Go to SeeMyDesign Layout

Try
SeeMyDesign Layout to change room dimensions, scale, rotate at any angle, and color furnishings. Add a wall, window, door, sliding door or doorless doorway.

Layout as a design element indicates relative placement or position. The arrangement of an object's elements or an object's placement within a space can be aesthetically pleasing, but dysfunctional. For example; chairs, tables and sofas should have at least 1 foot of room around them.

Each of the design elements (color, form, pattern and texture) affect layout yielding design principles as the net result. A space cluttered with haphazard furniture and accent placement is not harmonious and breeds confusion. An organized and well-planned room balances each design element with regard to the space and its representation as a cohesive whole but may sacrifice rhythm.


Overview

When in Doubt, Layout
Weigh the importance of room activities, traffic flow, natural light, and the other design elements to establish your optimum environment. Layout as it applies to furnishings and accents within a room can be constantly altered to create new spaces and keep a living area fresh. Architectural elements like windows, doors, alcoves, and dividing walls are not so easily changed.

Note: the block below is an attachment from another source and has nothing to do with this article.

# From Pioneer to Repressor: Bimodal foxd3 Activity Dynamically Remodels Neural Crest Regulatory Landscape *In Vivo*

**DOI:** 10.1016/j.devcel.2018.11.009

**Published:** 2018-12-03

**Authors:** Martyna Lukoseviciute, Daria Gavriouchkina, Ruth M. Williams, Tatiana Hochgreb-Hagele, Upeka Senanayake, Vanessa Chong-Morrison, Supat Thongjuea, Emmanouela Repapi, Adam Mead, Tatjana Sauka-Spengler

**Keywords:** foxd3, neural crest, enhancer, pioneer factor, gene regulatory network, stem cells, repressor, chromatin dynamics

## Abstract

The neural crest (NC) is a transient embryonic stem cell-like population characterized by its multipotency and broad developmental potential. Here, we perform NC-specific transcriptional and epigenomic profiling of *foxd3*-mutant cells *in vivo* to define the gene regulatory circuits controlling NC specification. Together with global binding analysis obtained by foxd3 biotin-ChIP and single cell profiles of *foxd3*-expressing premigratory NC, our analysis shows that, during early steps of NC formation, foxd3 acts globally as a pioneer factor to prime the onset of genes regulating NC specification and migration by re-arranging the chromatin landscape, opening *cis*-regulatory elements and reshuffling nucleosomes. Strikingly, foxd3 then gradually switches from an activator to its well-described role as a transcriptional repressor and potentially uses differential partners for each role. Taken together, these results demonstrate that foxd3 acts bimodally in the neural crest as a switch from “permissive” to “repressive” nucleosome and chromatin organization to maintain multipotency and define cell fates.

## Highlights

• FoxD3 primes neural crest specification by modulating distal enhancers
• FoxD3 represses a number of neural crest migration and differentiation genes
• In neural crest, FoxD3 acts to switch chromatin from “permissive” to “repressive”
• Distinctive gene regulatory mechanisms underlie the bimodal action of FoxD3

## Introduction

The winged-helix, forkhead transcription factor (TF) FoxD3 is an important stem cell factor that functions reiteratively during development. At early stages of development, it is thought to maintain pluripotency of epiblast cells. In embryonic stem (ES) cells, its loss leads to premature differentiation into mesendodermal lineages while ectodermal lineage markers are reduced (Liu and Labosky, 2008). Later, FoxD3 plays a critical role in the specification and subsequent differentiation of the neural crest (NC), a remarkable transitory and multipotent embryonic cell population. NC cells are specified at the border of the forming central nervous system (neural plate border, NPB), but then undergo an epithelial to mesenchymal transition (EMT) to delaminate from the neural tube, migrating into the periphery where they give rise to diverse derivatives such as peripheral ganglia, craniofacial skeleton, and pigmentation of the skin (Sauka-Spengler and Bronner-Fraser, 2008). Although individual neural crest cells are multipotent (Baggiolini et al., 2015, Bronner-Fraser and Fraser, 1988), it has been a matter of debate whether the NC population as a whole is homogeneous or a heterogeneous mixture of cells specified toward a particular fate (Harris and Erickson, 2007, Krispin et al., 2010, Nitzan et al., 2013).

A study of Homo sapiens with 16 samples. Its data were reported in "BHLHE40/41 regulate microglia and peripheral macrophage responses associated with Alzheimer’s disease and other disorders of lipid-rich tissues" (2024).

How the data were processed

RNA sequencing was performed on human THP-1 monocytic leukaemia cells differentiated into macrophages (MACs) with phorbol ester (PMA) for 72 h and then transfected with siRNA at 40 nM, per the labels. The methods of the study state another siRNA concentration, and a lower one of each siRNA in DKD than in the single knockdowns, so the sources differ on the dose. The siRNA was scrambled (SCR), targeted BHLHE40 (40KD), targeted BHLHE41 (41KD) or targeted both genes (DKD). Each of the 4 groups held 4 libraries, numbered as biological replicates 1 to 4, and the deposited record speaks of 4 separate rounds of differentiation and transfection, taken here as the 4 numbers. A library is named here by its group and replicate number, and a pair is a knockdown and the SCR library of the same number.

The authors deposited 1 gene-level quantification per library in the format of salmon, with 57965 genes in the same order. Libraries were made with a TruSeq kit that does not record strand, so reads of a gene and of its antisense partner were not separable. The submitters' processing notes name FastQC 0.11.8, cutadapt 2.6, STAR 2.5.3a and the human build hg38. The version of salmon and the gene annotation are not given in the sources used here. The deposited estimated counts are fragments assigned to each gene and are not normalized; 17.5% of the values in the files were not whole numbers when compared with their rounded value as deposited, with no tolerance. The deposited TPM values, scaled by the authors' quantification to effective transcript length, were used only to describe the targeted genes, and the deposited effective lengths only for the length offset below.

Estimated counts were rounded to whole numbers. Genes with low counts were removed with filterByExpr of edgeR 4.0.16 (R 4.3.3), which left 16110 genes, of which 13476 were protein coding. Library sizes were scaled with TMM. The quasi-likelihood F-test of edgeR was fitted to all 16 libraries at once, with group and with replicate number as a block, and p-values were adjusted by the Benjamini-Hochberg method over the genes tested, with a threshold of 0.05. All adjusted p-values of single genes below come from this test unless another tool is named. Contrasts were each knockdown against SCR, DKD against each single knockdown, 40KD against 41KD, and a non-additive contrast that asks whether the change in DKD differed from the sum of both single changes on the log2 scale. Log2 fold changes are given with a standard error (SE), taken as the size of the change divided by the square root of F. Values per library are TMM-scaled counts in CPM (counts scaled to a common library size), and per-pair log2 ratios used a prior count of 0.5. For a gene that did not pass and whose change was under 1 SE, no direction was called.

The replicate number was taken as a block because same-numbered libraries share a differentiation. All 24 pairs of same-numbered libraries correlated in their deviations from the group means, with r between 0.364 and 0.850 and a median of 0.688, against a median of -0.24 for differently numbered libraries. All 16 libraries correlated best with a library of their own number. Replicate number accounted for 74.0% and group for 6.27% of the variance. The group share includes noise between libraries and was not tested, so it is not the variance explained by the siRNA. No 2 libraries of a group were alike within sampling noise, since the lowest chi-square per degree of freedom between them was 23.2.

"While Western design was constructed around the central axis and golden mean, the Japanese construction was based on modular systems," Allen Hurlburt, Layout. New York: Watson-Guptill Publications, 1977.

Grid

Grid is the pre-supposed template for laying out a space. Its two-dimensional nature helps when studying inherent qualities of a space like flow, symmetry, contention, intersection, and openness. When working with traffic patterns and human space needs, it becomes a valuable tool. Interior designers will often start the analysis of a project by getting or creating top-down floor plans.

Layout Lingo (expressions often used communicating layout)

Use the following terms to define the expected feeling for the room.



Symmetric - axis or focal point-based balance. Opposing weight, color, line, arrangement with lack of contention and intersection. Reverent, calm, ordered, calculated and accurate.
Asymmetric - visual variety or spontaneity with contrast, intersection, tension and juxtaposition. Creates action, intrigue, and flow. Can be balanced to create overall harmony while retaining balance.
Tension - the natural focus provided by interplay between form or positive and negative space. Can be related to proximity, scale, angle, abruptness and lack of space.
Linear - having the quality of repeating objects or straight lines.
Dynamic - having the quality of action, rhythm or flow characterized by intersection, contrast of line and angle, proximity, and scale.
Static - lacking contrast, extremes or rhythm.